Tinnitus and hearing loss related to firearms

Hearing is one of your five basic senses. You may not think about it much, but hearing is actually a complex process. 

First, sound waves enter your ear and travel down the ear canal to your eardrum. Then the eardrum vibrates several small bones in your ear, and these vibrations translate to the fluid of a tiny, snail-shaped part of the inner ear called the cochlea. Afterwards, the signal from the cochlea is passed through sensory hair cells in your inner ear to your auditory nerve, and finally the brain.

Essentially, this is a very intricate process. It’s also a sensitive one. As a user of firearms, you could be at risk for potential hearing damage or loss, or even a condition called tinnitus.

How does a firearm affect my ears?

A recent study by Reuters found that only around 59% of U.S. gun users wore some form of hearing protection while shooting. Whether your preferred location for shooting is in the woods or at the range, odds are you are surrounded by sounds from not only your gun, but others’ guns as well. All that noise can build up to affect your hearing.

Whenever a gun goes off, it creates a sound wave that rattles those tiny bones and organs in your ear. The rattling creates pressure that is a lot for the ear to handle, so it goes into shock, causing temporary hearing loss. This is why things may sound muffled after you’ve been shooting. If you’ve ever experienced this sensation, you know it usually goes away after a while. But without proper protection over time, hearing loss can become more permanent.

Experts say that prolonged exposure to sounds over 85 decibels (dB, or the unit sounds are measured in) can cause hearing loss. Different firearms can create sounds from 140-175 dB. For reference, using a lawn mower in your yard is only 90 dB.

Tinnitus and Shooter’s Ear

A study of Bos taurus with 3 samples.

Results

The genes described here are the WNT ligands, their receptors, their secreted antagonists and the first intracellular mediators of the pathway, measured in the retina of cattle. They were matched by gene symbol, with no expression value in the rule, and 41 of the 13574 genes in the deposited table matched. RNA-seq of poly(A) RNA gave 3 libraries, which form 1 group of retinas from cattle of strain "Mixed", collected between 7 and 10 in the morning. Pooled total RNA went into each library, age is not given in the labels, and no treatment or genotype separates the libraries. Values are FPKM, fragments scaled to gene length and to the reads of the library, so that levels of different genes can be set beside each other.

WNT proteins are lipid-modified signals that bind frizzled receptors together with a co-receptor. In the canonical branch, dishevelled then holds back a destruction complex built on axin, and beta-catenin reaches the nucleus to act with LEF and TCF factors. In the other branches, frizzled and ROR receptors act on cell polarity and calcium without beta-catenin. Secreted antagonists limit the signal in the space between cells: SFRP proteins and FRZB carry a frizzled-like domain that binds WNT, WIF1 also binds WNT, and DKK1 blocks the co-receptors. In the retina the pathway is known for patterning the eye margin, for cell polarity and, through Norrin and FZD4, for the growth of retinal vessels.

Tinnitus is defined as a ringing or buzzing sound in the ears. It is a condition that is subjective, meaning it varies from person to person and no one can hear the sounds but the person experiencing it. In some people, the ringing might be loud and persistent, while in others it could be softer and more periodic. Some cases of tinnitus involve a more disruptive ringing at night closer to bedtime, and still others are only occasional “spikes” of tinnitus.

Around 1 in 10 Americans suffers from tinnitus. It can be caused by a variety of factors, including age and certain chronic health problems. However, one of the most common causes is frequent exposure to heavy equipment or firearms. Because of this, tinnitus is an especially common condition in veterans.

Shooter’s Ear is another condition involving hearing damage or loss. Specialists can usually tell when someone is a shooter because they have uneven loss of hearing in their ears. This is because the shooting arm usually shields the ear closest to the firearm, so a person ends up with more damage to the opposite ear.

Whether it’s headphones or earplugs, there are multiple ways to protect your ears from hearing loss while using a firearm.

How to protect your ears

Luckily, gun-related hearing loss is entirely preventable. The most basic way to help your ears is to wear earmuffs or earplugs. These will create a seal around either the whole ear or the ear canal and block out the sound.

If you’re a hunter, you might be wondering how you can wear earmuffs and still be able to pick up on key sounds, like the footsteps of an approaching animal. The good news is that now there are digital hearing aids you can wear. They sense the sounds around you to filter out the harmful ones while still letting you hear a conversation with fellow hunters or the animals you are tracking.

For more information about safe and responsible firearm use, consider taking a Concealed Coalition class. Find the classes nearest to you.